PHYSICIANS RECIPROCAL INSURERS v. ABRAHAM


PHYSICIANS' RECIPROCAL INSURERS, Appellant, v. Akiva D. ABRAHAM, et al., Respondents.

Decided: March 31, 2003

SANDRA J. FEUERSTEIN, J.P., WILLIAM D. FRIEDMANN, ROBERT W. SCHMIDT and WILLIAM F. MASTRO, JJ. James W. Tuffin, Manhasset, N.Y. (Gabriel Mignella of counsel), for appellant. Cusick, Hacker & Murphy, LLP, Latham, N.Y. (John F. Harwick of counsel), for respondent Akiva D. Abraham. E. Stewart Jones, PLLC, Troy, N.Y. (W. Farley Jones of counsel), for respondents Erin Plumley and Ernest Plumley. Segel, Goldman, Mazzotta & Siegel, P.C., Albany, N.Y. (Jeffrey A. Siegel of counsel), for respondent OB/GYN Health Center Associates, LLP.

In an action, inter alia, for a judgment declaring that the plaintiff is not obligated to defend or indemnify the defendant Akiva D. Abraham in an underlying medical malpractice action entitled Plumley v. Abraham, pending in the Supreme Court, Rensselaer County, under Index No. 197528/99, the plaintiff appeals from an order of the Supreme Court, Nassau County (Winslow, J.), entered February 5, 2002, which denied its motion for partial summary judgment making the declaration and granted the cross motion of the defendant OB/GYN Health Center to “drop” it as a named defendant pursuant to CPLR 1003.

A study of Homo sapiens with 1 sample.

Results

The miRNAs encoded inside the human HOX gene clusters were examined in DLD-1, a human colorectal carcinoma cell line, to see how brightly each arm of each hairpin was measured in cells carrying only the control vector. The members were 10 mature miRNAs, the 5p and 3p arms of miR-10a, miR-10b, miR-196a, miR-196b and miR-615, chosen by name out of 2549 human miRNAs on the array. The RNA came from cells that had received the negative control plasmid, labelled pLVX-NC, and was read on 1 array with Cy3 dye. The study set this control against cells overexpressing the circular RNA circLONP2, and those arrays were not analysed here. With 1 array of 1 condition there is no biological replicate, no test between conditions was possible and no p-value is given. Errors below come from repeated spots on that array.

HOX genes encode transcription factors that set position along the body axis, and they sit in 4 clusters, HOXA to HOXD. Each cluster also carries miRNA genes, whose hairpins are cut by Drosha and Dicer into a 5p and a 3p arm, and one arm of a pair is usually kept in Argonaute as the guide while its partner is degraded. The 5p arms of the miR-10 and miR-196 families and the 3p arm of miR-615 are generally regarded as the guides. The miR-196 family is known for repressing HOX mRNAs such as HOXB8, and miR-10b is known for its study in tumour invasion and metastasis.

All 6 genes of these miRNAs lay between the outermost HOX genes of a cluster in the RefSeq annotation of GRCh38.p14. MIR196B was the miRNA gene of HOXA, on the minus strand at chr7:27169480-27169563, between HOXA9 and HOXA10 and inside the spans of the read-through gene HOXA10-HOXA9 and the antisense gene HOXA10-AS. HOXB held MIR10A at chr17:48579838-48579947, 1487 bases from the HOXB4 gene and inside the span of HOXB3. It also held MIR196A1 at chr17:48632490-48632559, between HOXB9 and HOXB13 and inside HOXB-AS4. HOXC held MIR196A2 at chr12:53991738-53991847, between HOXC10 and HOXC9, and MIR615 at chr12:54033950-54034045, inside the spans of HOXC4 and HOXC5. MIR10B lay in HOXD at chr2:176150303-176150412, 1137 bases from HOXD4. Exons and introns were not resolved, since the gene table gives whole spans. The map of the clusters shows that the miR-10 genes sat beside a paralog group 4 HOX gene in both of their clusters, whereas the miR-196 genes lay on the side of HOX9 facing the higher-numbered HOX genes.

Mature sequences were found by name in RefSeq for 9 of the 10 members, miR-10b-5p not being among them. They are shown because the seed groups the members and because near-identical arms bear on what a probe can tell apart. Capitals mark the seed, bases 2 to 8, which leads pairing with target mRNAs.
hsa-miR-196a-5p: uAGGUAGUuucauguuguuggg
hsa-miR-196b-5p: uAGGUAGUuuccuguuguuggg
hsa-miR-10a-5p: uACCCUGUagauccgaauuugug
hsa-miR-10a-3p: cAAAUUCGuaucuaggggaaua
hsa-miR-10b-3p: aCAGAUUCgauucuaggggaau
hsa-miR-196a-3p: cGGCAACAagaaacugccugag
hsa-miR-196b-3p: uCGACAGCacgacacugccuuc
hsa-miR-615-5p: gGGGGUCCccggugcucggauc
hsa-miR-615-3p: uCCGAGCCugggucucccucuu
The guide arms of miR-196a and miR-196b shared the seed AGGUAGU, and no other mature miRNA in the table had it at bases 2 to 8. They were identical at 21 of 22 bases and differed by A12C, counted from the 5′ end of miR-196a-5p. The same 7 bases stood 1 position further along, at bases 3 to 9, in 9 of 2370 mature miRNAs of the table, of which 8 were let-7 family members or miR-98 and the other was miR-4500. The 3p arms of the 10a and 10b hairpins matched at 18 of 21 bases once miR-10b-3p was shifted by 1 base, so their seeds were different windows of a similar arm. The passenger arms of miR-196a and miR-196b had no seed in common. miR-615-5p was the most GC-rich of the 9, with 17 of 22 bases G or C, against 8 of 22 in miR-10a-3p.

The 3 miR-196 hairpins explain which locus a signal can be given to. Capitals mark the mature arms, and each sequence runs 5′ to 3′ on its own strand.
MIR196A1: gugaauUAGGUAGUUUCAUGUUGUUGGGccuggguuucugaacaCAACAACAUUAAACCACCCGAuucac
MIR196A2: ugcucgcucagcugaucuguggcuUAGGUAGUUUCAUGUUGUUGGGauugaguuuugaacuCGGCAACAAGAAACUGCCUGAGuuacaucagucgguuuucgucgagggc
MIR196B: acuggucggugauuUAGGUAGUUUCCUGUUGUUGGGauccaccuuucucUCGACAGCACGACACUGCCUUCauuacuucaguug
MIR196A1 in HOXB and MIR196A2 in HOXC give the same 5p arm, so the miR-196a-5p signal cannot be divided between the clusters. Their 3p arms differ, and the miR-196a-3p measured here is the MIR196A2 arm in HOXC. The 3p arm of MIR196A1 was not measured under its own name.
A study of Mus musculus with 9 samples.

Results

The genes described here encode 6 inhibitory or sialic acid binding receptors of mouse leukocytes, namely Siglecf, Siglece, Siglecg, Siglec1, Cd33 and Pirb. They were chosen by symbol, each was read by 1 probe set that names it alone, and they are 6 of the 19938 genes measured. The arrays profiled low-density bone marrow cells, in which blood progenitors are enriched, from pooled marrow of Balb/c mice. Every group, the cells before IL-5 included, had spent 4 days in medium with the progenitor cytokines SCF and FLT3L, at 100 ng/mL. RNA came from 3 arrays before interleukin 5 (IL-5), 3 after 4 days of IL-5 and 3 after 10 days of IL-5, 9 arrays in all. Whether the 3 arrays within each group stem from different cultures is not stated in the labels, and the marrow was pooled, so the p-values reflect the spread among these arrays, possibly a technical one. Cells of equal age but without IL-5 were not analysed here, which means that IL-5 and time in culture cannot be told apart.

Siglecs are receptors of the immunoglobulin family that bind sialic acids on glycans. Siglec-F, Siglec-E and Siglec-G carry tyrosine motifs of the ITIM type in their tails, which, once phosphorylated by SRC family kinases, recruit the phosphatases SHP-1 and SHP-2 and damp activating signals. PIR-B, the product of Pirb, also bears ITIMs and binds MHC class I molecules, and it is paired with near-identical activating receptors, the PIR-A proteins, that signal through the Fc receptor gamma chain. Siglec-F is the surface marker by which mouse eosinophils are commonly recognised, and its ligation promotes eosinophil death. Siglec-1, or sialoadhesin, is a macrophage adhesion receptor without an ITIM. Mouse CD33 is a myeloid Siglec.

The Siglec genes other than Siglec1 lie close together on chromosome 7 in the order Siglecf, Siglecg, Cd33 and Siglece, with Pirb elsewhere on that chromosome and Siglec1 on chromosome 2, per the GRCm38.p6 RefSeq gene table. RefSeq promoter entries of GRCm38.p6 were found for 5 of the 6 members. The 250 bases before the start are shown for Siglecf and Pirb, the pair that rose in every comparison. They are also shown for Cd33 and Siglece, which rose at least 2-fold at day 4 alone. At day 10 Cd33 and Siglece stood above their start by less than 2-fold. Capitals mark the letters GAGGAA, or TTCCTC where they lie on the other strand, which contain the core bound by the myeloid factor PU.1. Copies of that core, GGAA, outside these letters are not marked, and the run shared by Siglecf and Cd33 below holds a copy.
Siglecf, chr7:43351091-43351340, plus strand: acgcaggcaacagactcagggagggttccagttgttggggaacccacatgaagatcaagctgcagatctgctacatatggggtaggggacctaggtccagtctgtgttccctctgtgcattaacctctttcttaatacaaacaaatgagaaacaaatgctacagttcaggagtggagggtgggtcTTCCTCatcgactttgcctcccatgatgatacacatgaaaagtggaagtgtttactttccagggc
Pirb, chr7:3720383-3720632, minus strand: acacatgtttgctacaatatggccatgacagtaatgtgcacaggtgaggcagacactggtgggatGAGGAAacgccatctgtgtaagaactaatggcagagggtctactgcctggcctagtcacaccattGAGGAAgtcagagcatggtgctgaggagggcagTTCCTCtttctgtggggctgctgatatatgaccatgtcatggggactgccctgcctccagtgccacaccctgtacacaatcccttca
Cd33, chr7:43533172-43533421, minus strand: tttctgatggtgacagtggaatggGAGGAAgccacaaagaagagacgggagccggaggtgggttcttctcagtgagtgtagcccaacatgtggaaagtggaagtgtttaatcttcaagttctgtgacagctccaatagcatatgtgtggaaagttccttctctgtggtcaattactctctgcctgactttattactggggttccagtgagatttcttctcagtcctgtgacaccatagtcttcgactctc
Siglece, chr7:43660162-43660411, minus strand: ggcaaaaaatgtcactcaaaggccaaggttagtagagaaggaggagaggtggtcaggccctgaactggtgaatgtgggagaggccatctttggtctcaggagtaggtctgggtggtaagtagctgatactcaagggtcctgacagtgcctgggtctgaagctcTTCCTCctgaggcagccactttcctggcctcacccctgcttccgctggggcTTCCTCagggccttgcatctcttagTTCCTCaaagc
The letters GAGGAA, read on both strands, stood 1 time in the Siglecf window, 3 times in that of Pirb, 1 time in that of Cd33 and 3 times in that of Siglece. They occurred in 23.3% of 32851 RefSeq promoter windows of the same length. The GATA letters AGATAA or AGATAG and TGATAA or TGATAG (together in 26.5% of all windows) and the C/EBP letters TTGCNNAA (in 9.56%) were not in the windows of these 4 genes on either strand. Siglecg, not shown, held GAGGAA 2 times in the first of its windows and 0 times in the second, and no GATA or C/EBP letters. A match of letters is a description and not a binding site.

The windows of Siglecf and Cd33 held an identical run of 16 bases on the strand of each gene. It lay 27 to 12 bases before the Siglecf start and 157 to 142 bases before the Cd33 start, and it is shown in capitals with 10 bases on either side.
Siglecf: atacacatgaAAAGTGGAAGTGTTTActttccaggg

ORDERED that the order is modified, on the law, by deleting the provision thereof denying the plaintiff's motion for partial summary judgment, and substituting therefor a provision granting the motion;  as so modified, the order is affirmed, without costs or disbursements.

 Clear and unambiguous provisions in an insurance policy should be given their plain and ordinary meaning, and courts should refrain from rewriting the agreement (see Lancer Ins. Co. v. Utica Nat. Ins. Group, 281 A.D.2d 461, 721 N.Y.S.2d 782).   Although an insured is entitled to the benefit of any ambiguity that might appear in the policy, the court should not strain to find an ambiguity where the language is clear and precise (see Lancer Ins. Co. v. Utica Nat. Ins. Group, supra;  General Assur. Co. v. Schmitt, 265 A.D.2d 299, 696 N.Y.S.2d 72).   Here, the Supreme Court incorrectly determined that the subject provision relied upon by the defendant Akiva D. Abraham provided coverage.

 However, the Supreme Court properly “dropped” the defendant, OB/GYN Health Center Associates, LLP, as a named defendant (see CPLR 1003;  Loscalzo v. Lupinacci, 275 A.D.2d 349, 712 N.Y.S.2d 175).